Swedish Language Blog

Language learning in Europe Posted by on Oct 22, 2018 in Swedish Language

The Common European Framework of Reference for Languages in Swedish (Gemensam referensram för språk) aka. GERS is a guideline used to describe achievements of learners of foreign languages across Europe and, increasingly, in other countries.

Image from Pixabay. Creative Commons CC0 Public Domain.

A – Language User at a new-beginner level

A1 – Breakthrough
A2 – Waystage

B – Independent User

B1 – Threshold
B2 – Vantage

C – Advanced user

C1 – Effective operational proficiency
C2 – Mastery

Native level

One of the biggest challenges language schools seem to have is including the study hours allotted by CEFR. It is also different hours language schools offer for each level and it confuses students. Let’s say if each course consists of 100 study hours it isn’t the amount of actual hours a student has to invest into a language learning. Each course can’t consist the same amount of hours because it is obvious that reaching an A1-level is easier than reaching a C1-level for example. Different languages might take also different amount of hours when it comes to the relationship with the duration of the learning process. Read more about that how Cambridge Examinations or Deutsche Welle has set up the time schedule for the different level by clicking on the hyperlink. (source: Wikipedia)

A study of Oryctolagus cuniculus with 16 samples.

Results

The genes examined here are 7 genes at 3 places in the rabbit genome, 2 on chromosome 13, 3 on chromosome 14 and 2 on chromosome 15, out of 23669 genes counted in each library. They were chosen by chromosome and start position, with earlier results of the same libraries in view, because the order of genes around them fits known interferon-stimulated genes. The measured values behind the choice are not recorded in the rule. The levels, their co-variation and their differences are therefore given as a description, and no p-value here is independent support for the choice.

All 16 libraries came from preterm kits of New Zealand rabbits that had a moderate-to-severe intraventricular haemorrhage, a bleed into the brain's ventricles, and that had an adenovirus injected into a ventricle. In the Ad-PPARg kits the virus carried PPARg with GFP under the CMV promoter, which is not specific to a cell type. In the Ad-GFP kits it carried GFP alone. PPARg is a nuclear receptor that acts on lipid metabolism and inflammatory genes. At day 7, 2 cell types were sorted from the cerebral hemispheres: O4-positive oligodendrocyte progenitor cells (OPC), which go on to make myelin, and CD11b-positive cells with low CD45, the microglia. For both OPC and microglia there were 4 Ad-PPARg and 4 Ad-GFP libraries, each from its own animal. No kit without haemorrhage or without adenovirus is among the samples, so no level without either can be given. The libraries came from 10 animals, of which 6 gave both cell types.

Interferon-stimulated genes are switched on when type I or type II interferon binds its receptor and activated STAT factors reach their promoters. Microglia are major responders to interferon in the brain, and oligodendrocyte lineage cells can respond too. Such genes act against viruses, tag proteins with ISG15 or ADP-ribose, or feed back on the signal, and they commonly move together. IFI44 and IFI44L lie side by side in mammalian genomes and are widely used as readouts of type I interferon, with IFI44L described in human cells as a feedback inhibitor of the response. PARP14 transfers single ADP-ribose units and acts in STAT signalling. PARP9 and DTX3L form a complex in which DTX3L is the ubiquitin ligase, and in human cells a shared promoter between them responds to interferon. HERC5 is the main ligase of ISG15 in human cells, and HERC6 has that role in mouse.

The actual recommended hours of studying :

C2 C2 Proficiency – previously known as Cambridge English: Proficiency (CPE) 1,000—1,200
C1 C1 Advanced – previously known as Cambridge English: Advanced (CAE) 700—800
B2 B2 First – previously known as Cambridge English: First (FCE) 500—600
B1 B1 Preliminary – previously known as Cambridge English: Preliminary (PET) 350—400
A2 A2 Key – previously known as Cambridge English: Key (KET) 180—200

source: (Cambridge English) *Please note that these hours follow the CEFR but it is just an approximate estimation. Some languages considered being harder to learn can consist of more language hours. We could say that Swedish is on the level of English though.